Originally published on Legal Planet.

EPA pollution regulations are based on an assessment of the risks posed by pollutants. This can be a complex scientific judgment. The Clean Air Scientific Advisory Committee (CASAC), the agency's scientific advisory board, is pushing for major changes in the way that EPA approaches this analysis. The effect would be to make it much harder for EPA to prove that a risk exists.

Currently, risk assessment is based on a "weight of the evidence" approach that considers all of the peer-reviewed literature, rather than limiting itself to studies using specific methodologies. Tony Cox, the industry consultant who now heads CASAC after Scott Pruitt purged most academic scientists, has been pushing for a radical change. He wants to limit risk assessment to studies that use a specific set of methods to establish that a substance actually causes harm. In particular, he rejects studies that show a correlation between exposure to the substance and adverse health effects after controlling for other factors. Instead, he wants studies that use certain statistical tests for causality. He drafted a caustic report on EPA's current scientific appraisal of particulate air pollution on behalf of CASAC.

The argument for relying only on the most rigorous evidence and ignoring everything else seems plausible, but it's wrongheaded. It would be like saying that, regardless of the other evidence, no criminal defendant could be convicted without video of the crime, fingerprints, and DNA evidence.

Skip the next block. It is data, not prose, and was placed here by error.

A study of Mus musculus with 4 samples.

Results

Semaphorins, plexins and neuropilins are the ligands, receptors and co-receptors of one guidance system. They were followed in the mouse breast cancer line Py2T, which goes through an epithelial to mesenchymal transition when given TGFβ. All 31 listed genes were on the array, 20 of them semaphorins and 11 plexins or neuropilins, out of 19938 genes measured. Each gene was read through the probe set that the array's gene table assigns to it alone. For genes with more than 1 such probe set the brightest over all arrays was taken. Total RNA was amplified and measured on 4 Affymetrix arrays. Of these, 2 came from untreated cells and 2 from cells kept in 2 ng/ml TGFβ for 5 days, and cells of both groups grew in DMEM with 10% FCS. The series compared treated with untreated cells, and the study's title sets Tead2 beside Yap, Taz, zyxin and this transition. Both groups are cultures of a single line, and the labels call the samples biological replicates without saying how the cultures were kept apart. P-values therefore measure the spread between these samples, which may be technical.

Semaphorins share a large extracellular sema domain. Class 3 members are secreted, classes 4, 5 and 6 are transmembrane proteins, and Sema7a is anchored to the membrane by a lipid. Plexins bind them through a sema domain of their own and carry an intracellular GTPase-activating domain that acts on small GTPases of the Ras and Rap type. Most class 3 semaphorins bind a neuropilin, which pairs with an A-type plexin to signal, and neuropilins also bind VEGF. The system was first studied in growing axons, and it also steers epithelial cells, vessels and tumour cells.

Epidemiologists, the scientists who study health risks, were aghast at the draft CASAC report. (Notably, there aren't any epidemiologists on the committee these days.) Last week, the journal Science published a piece sharply criticizing this effort to overturn the weight of the evidence approach. There was also strong pushback from the scientific unit at EPA that does risk assessment. Perhaps in response to these criticisms, Cox seems to be softening the language in the final version of the report to EPA, though it's not clear if there's any real change in substance. E&E News also notes that CASAC is asking for more help. There used to be a separate expert committee on particulate pollution formed to advise CASAC on particulates. Administrator Andrew Wheeler disbanded that panel in October, apparently preferring to do without that kind of expert input. CASAC wants the panel reinstated.

CASAC's credibility as a source of disinterested expertise took a hit when the academics were purged. The pretext for getting rid of them was that receiving EPA grants biased them in favor of EPA's work. Since EPA is one of the major funders of this kind of research, a lot of serious scientists were eliminated. On the other hand, being funded by industry was considered perfectly ok.

The effort to handicap risk assessment isn't doing much to restore CASAC's credibility. But it is part of a larger pattern of trying to shape the outcomes of regulatory proceedings by systematically cutting back on consideration of regulatory benefits. It will be interesting to see how courts respond.